Jefferson Community College provides accessible computer technology and adaptive equipment. We are happy to help you understand your specific technology needs, review campus equipment and assistive technology, and offer guidance as you make personal decisions about equipment. If you wish to access these accommodations, you must first document your disabilities with Student Success Services. You may purchase privately or through an alternative funding source.
The following assistive technology is available at Jefferson Community College:
- Computer Screen Magnifier Screen magnification enlarges a screen image from two to sixteen times its normal
- Digital Voice Recorders Record lecture material and then store it onto a USB device to assist with notetaking.
- Headphones Headphones may be used with tape recorders and computers. A valid SUNY ID is required
to sign out headphones in the open lab (6-204), the library and the LSC.
- Intel Reader The Intel® has a built-in camera. Point at something and the reader will process
it, convert the words to text and read the words out loud.
- Apple® iPad Several iPads are available for sign-out to be used as note taking devices. There
are also many applications to assist with specific disabilities.
- Amazon Kindle The Amazon Kindle provides textbooks in a digital format. Students are responsible
for the cost of the text. The Kindle can also be used for note taking services.
- Kurzweil Reader This software provides screen reading for e-text and scanned materials. Kurzweil
is available in the open lab (6-204), the library, and the Learning Skills Center
- Large Screen Internet Station There is a large screen station in both the open lab (6-204) and the library.
- Large Screen Microfiche This screen magnifier is available in the library.
- LiveScribe SmartPen This pen is a notetaking device that records what is being spoken as you write and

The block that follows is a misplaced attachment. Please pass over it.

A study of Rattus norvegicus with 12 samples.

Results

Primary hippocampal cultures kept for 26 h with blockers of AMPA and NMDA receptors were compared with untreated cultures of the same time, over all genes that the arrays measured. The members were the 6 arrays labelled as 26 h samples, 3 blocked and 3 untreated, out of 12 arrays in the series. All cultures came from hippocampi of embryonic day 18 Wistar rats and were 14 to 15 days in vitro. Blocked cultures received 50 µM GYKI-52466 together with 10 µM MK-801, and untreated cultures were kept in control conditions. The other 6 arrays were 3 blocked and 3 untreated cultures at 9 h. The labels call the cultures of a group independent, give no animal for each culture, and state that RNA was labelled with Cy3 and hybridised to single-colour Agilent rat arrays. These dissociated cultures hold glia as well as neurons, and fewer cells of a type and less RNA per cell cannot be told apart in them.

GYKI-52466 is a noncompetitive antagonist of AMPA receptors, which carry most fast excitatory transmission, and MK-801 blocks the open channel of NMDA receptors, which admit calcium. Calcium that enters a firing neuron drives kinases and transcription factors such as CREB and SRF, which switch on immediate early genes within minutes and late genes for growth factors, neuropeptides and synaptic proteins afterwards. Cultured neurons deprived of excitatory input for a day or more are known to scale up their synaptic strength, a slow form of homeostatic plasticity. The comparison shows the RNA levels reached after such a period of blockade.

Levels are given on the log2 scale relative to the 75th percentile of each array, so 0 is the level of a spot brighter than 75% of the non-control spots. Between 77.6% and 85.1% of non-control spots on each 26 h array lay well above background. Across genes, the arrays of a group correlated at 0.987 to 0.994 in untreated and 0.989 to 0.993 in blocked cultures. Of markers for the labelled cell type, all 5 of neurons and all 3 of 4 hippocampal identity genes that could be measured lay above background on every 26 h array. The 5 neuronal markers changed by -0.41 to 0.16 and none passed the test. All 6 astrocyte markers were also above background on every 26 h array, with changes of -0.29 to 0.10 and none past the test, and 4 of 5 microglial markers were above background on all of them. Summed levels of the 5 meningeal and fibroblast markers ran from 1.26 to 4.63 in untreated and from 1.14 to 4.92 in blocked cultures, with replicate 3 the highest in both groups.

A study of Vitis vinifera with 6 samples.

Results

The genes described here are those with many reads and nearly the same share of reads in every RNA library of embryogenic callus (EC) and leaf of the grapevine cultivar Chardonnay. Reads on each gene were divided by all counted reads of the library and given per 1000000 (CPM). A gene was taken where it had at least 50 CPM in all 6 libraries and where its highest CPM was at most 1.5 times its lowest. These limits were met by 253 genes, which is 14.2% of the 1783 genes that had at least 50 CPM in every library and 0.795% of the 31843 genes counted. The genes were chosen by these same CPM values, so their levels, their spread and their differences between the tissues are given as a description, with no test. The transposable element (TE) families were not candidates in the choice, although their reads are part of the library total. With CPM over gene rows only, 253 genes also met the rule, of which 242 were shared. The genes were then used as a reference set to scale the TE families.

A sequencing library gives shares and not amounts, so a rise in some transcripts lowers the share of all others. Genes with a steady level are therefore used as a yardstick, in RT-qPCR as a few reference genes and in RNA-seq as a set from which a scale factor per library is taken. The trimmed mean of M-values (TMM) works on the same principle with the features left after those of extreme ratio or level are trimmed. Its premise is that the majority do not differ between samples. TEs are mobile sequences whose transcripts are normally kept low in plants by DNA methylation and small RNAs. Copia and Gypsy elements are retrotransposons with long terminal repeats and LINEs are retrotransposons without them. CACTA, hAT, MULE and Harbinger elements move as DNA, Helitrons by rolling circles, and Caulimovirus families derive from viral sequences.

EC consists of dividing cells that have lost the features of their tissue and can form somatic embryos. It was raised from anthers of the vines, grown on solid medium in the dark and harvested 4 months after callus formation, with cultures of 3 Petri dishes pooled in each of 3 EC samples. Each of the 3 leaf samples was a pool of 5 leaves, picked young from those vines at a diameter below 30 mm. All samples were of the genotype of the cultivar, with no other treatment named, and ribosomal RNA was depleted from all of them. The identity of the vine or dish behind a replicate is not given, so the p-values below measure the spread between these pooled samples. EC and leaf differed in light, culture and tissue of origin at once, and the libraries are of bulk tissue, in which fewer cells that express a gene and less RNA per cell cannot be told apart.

helps to organize your notes.
- Speech Recognition Speech recognition software, such as Dragon Naturally
- Speaking Software allows the user to speak into a microphone at a normal pace and to have
the computer convert what is said into text. Simple commands by voice, instead of
through a keyboard, are used to process and revise text in a document, move around
within the document, and control the computer. Spelling, pronunciation, and context-recognition
information are included. Programming a person's voice to use this type of software
takes at least one-half hour.
- Talking Calculator This calculator reads aloud any information typed into it.
- Tape Recorders Tape recorders are used for a wide variety of reasons, including recording classes
for note taking and playing back texts that are not available in large print or Braille.
- Trackballs A trackball performs the same function as a mouse but is used by people who have difficulty
using a standard mouse.
- Microsoft Windows Accessibility The Microsoft Windows operating system provides many options on the computer for
students with visual disabilities, such as reversing the screen colors (white text
on a black background) and enlarging items on the screen.
- Word Prediction Word prediction software allows the user to enter the first letter or two of a word and have the computer predict the intended word. The user may recognize the word, or the program can offer choices to the user. This application is great for students with learning or physical disabilities who struggle with typing letter by letter.
For more information about any of the items on this list or about support for special needs, please contact the Student Success Services.
Student Success Services
Deans Collaborative Learning Center
Building 15, first floor
Monday - Friday 8:00 a.m. to 5:00 p.m.
(Summer: Monday - Thursday, 8:00 a.m. to 4:00 p.m., Friday, 8:00 a.m. - 2:00 p.m.)